Until today, I hadn't seen a Steven Soderbergh film since Sex, Lies, and Videotape in 1989. I actually waited in line in West Hollywood to see SL&V along with a line several blocks long of people my age. Sex, Lies, and Videotape was the first film of a filmmaker sure to be the voice of a generation.
Then something happened. Hollywood happened to Steven Soderbergh and like many brilliant young filmmakers he went off to find his fortune, and that he did. I've just been waiting for him to come back home and take up where he left off: telling very human stories from very humble places that are bigger than life.
In Magic Mike, Steven Soderbergh takes that most mysterious and minority of professions, the male stripper, and turns the heart inside out. With the delicacy of a surgeon he cuts along the edge of the colorful, popular image of the Chippendales idea and delivers instead the man as sex object, as the down and outer with no other resource but his body, as the guy with a dream but little luck.
Matthew McConaughey gives the performance of his career as Dallas, the owner of a small time Tampa strip club who realizes his dream of moving the show to Miami. Dallas is always slightly strung out with an almost reptilian gaze and the quirk of a stage mother. Under that is a hardness, an almost cruelty, but not quite. This is one complex and subtlely played turn from McConaughey. Quite simply, don't miss it.
As the incredibly popular Magic Mike, Channing Tatum brings grounding to the scene with a subtle and well tuned performance as the beautiful, striving, maybe not the brightest thirty year old stripper around. Channing Tatum can really dance and his pathos skims along the surface in this role, not too deep, not too light, just right. Rather than the typical agonizing conflict between what one wants and does not have, Channing goes for the human reality of living life on life's terms and in what is really a silent performance at the end, makes a decision about love and acts without movie drama or fireworks or grand endings. He works, it works, because Steven Soderbergh directed a film about what he knows best: the everyday life on a grand scale.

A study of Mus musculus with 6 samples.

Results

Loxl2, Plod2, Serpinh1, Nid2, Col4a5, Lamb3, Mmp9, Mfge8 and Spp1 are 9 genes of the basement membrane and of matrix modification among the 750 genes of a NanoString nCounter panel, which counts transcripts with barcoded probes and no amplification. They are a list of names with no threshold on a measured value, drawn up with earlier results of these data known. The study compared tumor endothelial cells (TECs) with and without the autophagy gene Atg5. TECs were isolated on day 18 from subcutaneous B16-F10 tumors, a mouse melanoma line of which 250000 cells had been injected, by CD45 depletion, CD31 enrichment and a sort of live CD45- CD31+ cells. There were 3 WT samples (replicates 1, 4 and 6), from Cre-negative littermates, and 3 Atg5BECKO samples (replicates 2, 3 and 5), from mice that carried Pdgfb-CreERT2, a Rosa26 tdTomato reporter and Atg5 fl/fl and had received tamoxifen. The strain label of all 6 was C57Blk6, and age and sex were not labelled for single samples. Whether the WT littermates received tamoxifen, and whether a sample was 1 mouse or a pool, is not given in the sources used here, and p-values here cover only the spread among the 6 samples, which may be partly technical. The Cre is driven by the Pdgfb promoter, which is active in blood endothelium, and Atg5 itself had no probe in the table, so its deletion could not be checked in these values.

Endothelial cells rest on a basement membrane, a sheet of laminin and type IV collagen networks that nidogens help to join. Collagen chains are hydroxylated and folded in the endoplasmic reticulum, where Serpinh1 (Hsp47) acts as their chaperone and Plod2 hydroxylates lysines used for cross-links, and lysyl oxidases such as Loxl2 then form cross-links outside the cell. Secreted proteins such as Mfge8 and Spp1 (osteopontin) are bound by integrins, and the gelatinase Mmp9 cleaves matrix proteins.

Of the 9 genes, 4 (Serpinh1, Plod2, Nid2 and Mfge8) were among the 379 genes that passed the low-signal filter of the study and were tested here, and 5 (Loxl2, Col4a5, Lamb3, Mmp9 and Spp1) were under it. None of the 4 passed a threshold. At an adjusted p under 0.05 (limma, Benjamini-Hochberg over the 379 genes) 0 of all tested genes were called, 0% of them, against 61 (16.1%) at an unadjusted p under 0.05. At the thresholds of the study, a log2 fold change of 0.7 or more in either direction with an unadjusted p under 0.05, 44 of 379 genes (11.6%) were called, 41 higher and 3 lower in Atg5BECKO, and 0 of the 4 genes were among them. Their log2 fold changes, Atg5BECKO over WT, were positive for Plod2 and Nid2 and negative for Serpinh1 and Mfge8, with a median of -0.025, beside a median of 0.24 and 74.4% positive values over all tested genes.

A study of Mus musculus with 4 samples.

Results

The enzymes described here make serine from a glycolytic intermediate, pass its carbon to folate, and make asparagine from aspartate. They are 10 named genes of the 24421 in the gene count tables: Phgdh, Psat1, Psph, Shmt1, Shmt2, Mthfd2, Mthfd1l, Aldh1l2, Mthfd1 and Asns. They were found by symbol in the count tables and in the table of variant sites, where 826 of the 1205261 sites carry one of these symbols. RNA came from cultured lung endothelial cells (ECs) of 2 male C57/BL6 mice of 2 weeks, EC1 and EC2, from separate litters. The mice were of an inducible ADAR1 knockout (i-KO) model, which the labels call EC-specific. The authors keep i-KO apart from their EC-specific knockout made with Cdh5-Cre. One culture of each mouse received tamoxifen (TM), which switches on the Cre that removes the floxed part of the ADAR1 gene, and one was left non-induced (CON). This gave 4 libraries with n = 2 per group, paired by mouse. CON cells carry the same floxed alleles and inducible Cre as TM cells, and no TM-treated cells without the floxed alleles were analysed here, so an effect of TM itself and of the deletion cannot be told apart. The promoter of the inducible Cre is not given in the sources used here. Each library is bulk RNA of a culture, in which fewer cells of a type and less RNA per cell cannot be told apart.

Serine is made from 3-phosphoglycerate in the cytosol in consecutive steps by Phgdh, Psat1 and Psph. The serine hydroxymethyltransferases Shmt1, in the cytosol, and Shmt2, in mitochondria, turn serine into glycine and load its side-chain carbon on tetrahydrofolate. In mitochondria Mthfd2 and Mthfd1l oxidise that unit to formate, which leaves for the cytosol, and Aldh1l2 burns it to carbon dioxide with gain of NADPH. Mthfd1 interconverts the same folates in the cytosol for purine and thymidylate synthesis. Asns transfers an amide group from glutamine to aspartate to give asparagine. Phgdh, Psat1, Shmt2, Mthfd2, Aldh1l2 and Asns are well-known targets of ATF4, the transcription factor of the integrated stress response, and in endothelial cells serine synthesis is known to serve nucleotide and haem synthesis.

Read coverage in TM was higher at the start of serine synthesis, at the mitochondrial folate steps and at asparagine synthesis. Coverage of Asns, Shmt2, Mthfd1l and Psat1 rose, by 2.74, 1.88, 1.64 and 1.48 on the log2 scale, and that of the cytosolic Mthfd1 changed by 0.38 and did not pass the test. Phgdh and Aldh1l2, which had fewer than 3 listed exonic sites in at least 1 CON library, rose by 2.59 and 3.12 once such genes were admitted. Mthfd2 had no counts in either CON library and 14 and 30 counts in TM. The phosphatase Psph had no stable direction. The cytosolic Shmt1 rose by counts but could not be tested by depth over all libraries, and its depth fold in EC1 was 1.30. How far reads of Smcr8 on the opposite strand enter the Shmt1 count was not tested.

The Kid, played by Alex Pettyfer, is the man in the middle, too young, too beautiful, too hungry, but again, Pettyfer walks carefully through it. He plays a young man who is quite okay with his appetities, who is going to cop his slice of the pie and gobble it down for all it's worth. He is neither grandiose nor tragic. Pettyfer plays The Kid at eye level, never wavering, never apologetic. He is one to watch.
There's always a girl and what a girl she is. There is a kind of Soderbergh woman and Cody Horn as Brooke is it. Uniquely beautiful, direct, intelligent and self possessed, she is the sister, the mom, the loved one. Horn plays the sister of The Kid and makes a decision to root as he wanders, to love as he plays, to be the one to come home to. Played with a rare natural quality by an actress who clearly knows who she is, Cody Horn reminds me of a young Gena Rowlands.
This review makes makes me a bit of a Soderbergh woman, I guess. Welcome home, Steven. It's good to see you again.